It came, she explains, from the attitudes of people outside the Archdiocese. ‘I’ve always been open about the fact I’m a Catholic but when I came into the role a lot of people questioned why I’d want to take on almost “a poisoned chalice”, for want of a better phrase,’ she says. ‘That really did surprise me because it’s only part of the story. Every time somebody is abused or hurt, it is one person too many and that is not acceptable, but it doesn’t tell the whole story and it doesn’t tell how many people are supported by their faith and get comfort from their faith.’
A parishioner of St Mary’s, Woolton, Alexandra had a more welcome surprise as she embarked on her job last summer – discovering the extent of the foundations laid by her predecessor, Des Bill. ‘The Archdiocese of Liverpool was ahead of its time in a lot of respects – there’s been some form of safeguarding officer here since 1998,’ she explains. ‘I can speak as a Catholic mum, and a Catholic layperson who’s come into the Archdiocese, and having had a look here there is a really good, solid foundation. There are a lot of policies and procedures I didn’t know about. I didn’t know about the Catholic Safeguarding Advisory Service. It’s been hugely reassuring to know all these safeguards are in place and they’re working.’
Alexandra’s aim is to build on these foundations. ‘It is quite an exciting time to join the department as we’re looking at developing and learning from the Independent Inquiry into Child Sexual Abuse and modernising the department as well. One of the reasons I wanted to come in is to offer what expertise and skills and experience I have to try to build upon what’s already here.’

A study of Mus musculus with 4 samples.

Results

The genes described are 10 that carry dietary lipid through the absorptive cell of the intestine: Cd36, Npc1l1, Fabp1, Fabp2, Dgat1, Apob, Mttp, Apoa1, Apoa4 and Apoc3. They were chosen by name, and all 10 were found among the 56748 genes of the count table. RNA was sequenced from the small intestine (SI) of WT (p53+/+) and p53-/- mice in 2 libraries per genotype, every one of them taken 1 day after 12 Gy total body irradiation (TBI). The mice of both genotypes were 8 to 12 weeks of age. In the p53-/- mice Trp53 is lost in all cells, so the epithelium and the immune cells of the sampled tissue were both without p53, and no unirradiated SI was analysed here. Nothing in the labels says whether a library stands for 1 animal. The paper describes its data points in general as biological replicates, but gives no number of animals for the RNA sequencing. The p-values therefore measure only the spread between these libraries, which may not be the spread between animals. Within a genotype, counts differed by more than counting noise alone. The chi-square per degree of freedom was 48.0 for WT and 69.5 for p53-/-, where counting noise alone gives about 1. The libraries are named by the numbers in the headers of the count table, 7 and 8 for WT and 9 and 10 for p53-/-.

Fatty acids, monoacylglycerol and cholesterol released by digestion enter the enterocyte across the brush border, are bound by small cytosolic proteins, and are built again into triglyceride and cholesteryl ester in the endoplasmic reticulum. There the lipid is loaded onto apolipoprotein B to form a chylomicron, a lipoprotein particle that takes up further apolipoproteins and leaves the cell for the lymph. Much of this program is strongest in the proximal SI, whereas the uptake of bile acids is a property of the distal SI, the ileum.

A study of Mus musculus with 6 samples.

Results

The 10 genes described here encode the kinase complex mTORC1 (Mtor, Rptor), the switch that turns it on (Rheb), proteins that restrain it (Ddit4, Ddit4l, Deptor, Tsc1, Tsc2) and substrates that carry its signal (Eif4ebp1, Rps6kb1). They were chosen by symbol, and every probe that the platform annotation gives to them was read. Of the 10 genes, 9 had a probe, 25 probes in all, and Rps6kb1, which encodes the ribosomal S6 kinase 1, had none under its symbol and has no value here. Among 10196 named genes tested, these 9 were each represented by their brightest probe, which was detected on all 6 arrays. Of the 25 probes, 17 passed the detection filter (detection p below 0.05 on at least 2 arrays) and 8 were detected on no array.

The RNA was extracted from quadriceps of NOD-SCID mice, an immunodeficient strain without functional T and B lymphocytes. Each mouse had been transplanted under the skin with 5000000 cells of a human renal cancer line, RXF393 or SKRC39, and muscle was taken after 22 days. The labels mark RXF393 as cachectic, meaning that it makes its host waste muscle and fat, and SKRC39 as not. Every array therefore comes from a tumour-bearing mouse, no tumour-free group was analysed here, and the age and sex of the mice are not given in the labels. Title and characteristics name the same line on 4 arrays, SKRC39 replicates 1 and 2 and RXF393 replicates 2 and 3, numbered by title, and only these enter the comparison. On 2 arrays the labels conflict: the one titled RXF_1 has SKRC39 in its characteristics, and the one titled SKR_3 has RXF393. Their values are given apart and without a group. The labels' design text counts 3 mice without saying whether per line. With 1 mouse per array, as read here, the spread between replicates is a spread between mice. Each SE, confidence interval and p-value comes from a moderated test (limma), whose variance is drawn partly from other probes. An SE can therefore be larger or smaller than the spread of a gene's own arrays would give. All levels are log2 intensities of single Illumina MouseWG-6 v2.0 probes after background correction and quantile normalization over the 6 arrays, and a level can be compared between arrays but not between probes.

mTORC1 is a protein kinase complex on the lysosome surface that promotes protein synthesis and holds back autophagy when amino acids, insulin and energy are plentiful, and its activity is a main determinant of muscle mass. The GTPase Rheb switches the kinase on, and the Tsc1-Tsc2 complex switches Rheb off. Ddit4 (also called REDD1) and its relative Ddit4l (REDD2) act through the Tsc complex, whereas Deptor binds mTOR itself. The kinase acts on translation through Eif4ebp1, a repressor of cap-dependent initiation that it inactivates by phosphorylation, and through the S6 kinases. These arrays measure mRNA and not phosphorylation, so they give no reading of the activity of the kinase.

The modernising process will involve new computer systems. ‘One will support volunteers and the DBS [Disclosure and Barring Service] side,’ she says. ‘The other will support our case work so we can access records more easily.’ She describes it as ‘a huge project’ and underlines the scale of the work undertaken by the Archdiocese’s five-strong safeguarding team by adding: ‘We cover about 200 parishes with 9–10,000 volunteers, and we process all the DBS checks for all our volunteers and clergy. We also do safeguarding training for volunteers and clergy, and address any safeguarding-related issues. We’re here to support the parishes and make sure people are able to come to their church to worship safely and securely.’
The former St Julie’s High School pupil evidently enjoys a challenge. After gaining a degree in Human Applied Biology and Psychology, she set her sights on the Probation Service. ‘I started temping for the Probation Service and had a look at the work they were doing with offenders – some had made horrendous mistakes, others obviously do things on purpose – but I looked and thought, “I really want to do that, I really want to help people get to a better place while trying to keep people safe at the same time”.’ Safety is a thread running through her career and she has a hobby that demands precision, too. ‘I’m an archer in my spare time,’ she smiles. ‘It probably taps into the inner child – who hasn’t, when they’re a child, run around with a bow and arrow?’ Time for some new targets.